Mom can and should get new POA before it is too late.
That time is before she cannot make wise decisions on her own behalf.
Before the doctor or POA has her declared incompetent to handle her own affairs.

There are huge differences between needing help and being incompetent.

Your Mom has the help to be active, does not sound incompetent.

What is with the POA, in your opinion?
The doctor can recommend, and write his recommendations in a letter for POA to read.
You can keep the lines of communication open between you and the eldest.  Work with POA.
You can advocate for Mom, look at what is best for her, be on her side, make recommendations, visit her, and as Blannie said, do things that she needs to remain home safely (or hire to have those things done)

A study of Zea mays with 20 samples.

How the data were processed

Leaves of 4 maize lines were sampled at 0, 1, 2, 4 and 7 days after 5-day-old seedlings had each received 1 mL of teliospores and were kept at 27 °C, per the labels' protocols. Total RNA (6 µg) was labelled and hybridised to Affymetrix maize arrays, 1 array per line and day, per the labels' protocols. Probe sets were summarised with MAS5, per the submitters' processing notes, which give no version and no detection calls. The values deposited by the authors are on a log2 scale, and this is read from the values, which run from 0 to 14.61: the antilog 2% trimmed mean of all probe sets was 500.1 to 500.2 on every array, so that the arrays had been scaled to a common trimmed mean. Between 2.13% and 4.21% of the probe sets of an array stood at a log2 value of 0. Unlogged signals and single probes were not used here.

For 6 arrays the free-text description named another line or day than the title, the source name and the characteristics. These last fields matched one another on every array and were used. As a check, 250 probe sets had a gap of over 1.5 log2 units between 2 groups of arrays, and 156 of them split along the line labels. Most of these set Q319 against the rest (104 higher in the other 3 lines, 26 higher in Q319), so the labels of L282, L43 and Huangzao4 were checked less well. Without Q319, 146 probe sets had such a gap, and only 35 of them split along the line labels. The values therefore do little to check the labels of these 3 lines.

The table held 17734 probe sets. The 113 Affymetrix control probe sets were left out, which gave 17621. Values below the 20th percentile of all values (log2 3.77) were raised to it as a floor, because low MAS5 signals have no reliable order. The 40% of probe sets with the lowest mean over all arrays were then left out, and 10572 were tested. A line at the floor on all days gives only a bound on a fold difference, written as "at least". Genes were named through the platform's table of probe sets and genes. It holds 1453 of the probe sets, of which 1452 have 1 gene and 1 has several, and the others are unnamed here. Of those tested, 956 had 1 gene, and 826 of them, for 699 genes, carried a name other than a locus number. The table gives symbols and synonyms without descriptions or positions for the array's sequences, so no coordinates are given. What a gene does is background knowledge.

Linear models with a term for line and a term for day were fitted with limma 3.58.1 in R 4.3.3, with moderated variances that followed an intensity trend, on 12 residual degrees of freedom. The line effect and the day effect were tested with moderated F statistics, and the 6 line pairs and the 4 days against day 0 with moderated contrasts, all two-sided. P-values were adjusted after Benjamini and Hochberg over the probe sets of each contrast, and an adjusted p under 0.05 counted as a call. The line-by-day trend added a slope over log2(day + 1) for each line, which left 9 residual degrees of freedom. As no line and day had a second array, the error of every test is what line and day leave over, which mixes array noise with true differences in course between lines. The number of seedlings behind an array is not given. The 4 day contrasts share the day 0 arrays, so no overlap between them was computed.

Starting with a housekeeper, even a live-in housekeeper can delay a move to AL.
What does the eldest use as rationale for moving Mom to AL? (against her will).
Does Mom have finances to pay for at home care, or does she have a caseworker and Medicaid (IHSP) who can send out home care workers?
Maybe Mom may want to move to AL in the future. If she wants, you can explore good options at anytime, then move her in the future.
Is Mom in danger living alone at home?
The other side of the situation is, does POA have any interest in Mom's home, or selling it?

It's a rare parent who realizes the amount of help they need and willingly agree to that level of care. They want to keep things as they are. It's us caregivers who jump through hoops making ourselves nuts trying to honor their wishes. Maybe your mom is different, but you have to tell us more about her situation to get more specific answers.